Over the weekend Dr. Phil Plait, also known as the Bad Astronomer, put up an episode of his really cool show Crash Course Astronomy. I LOVE the Crash Course series and use them as review for classes regularly. Dr. Plait’s show is particularly good if you like Astronomy and want to learn more.
However, the episode this weekend included a problematic joke. The joke was fairly mild, but cissexist. It upset some folks, but I didn’t actually hear about it until after it had already been edited to fix the problem.
What I really want to write about here is the apology that Dr. Plait put up on his blog at Slate today. I want to draw attention to this because it’s a beautifully done apology.
What Dr. Plait did right:
1) He explained what happened, how it happened, and how he and his team responded to the criticism the episode received. The timeline was clear and the context was easy to understand. He explained what the intention was for the joke, without excusing it at all.
2) He explained why the joke was problematic and exactly who was hurt by it and why. It is absolutely clear to me that he and his team took the concerns they heard very seriously and considered the harm done by this joke to be important enough to respond to quickly. Dr. Plait clearly understands some of the struggles transgender people (and all marginalized people) face and considers our experiences to be important.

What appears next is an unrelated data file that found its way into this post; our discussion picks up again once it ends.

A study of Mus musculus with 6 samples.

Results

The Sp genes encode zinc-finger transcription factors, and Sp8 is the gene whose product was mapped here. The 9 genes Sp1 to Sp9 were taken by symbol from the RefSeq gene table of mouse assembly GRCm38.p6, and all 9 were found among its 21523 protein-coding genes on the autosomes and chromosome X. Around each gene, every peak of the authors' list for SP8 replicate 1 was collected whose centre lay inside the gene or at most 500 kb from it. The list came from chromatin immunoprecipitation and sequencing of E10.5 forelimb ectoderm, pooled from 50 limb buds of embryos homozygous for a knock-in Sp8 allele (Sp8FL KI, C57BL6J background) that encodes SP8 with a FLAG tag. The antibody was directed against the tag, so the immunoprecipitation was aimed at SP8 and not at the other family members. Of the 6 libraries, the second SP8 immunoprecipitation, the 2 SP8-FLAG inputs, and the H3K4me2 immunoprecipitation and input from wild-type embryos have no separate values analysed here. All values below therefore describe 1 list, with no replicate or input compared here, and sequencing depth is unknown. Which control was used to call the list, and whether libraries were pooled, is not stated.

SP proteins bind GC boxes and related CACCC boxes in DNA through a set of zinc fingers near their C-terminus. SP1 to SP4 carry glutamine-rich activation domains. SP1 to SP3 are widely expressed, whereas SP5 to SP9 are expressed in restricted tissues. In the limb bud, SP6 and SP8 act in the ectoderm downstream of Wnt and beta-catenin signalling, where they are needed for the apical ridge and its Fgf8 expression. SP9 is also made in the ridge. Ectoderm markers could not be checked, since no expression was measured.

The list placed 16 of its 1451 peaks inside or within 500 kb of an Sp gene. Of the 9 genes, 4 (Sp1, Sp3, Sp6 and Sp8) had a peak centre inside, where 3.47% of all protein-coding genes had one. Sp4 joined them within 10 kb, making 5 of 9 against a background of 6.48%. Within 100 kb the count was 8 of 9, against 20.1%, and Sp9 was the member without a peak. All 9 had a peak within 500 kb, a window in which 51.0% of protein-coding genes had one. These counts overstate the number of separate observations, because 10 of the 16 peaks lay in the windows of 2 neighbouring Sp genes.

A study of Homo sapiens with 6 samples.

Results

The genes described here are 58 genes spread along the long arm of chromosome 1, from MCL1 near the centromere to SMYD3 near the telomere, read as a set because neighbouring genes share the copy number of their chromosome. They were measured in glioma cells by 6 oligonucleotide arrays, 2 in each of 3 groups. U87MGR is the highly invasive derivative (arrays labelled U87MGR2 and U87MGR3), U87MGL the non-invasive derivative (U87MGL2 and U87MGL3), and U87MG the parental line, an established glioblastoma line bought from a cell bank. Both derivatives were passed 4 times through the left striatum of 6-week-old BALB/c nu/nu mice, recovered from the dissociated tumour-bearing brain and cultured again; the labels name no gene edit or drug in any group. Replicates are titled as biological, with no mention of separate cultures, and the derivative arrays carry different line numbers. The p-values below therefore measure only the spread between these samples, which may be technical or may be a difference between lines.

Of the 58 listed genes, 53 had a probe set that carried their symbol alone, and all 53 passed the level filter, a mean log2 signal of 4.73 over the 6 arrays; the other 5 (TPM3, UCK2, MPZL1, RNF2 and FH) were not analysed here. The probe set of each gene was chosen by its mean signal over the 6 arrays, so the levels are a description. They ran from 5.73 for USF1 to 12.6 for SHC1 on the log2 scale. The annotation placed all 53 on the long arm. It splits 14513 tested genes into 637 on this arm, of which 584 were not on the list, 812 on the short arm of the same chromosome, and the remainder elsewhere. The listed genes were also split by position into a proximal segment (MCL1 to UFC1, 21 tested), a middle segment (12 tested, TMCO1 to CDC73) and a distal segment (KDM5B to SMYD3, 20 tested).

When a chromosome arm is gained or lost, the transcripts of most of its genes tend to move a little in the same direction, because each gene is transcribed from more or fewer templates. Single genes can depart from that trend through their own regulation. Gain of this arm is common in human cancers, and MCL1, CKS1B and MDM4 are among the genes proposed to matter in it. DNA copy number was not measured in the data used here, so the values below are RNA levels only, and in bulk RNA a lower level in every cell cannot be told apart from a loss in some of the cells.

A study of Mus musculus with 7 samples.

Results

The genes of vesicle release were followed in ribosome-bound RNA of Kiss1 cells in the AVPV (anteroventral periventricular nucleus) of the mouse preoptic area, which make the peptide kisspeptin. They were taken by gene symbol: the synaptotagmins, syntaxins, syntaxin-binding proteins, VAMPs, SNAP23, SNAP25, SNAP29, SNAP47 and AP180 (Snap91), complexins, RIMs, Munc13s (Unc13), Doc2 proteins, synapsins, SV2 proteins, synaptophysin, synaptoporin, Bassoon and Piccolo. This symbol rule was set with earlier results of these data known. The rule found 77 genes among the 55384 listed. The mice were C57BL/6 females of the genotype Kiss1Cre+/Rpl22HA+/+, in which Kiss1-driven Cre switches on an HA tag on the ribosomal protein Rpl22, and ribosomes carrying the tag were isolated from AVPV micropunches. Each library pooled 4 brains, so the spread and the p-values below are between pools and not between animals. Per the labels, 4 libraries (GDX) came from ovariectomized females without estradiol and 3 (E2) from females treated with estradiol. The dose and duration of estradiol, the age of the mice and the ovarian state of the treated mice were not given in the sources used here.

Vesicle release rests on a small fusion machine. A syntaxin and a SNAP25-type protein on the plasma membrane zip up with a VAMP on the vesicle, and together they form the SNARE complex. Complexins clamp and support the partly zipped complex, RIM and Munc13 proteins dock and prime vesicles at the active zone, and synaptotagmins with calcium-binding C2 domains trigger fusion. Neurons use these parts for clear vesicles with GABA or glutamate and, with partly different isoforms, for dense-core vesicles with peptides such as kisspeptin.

3) He explained what was done to fix the problem and made clear that this was done because he and his team really believed that changing the video was the right thing to do – not just bowing to pressure, but that the really learned a lesson.
4) Most importantly, Dr. Plait responded to those who are criticizing him for changing the video. He has been accused of being an SJW and instead of denying that he very clearly sides with those in favor of increased justice in the world. He refuses to bow down to the demands of those who think that changing a hurtful joke is more harmful than working to make our media less cissexist.
I have always really respected Phil Plait. I love his books, I read his blog, and it’s always exciting to hear him turn up on my podcasts and radio. He’s enthusiastic about science communication in general, astronomy specifically, and issues of justice and fairness. He’s one of the good guys and this incident increased my appreciation for him even more.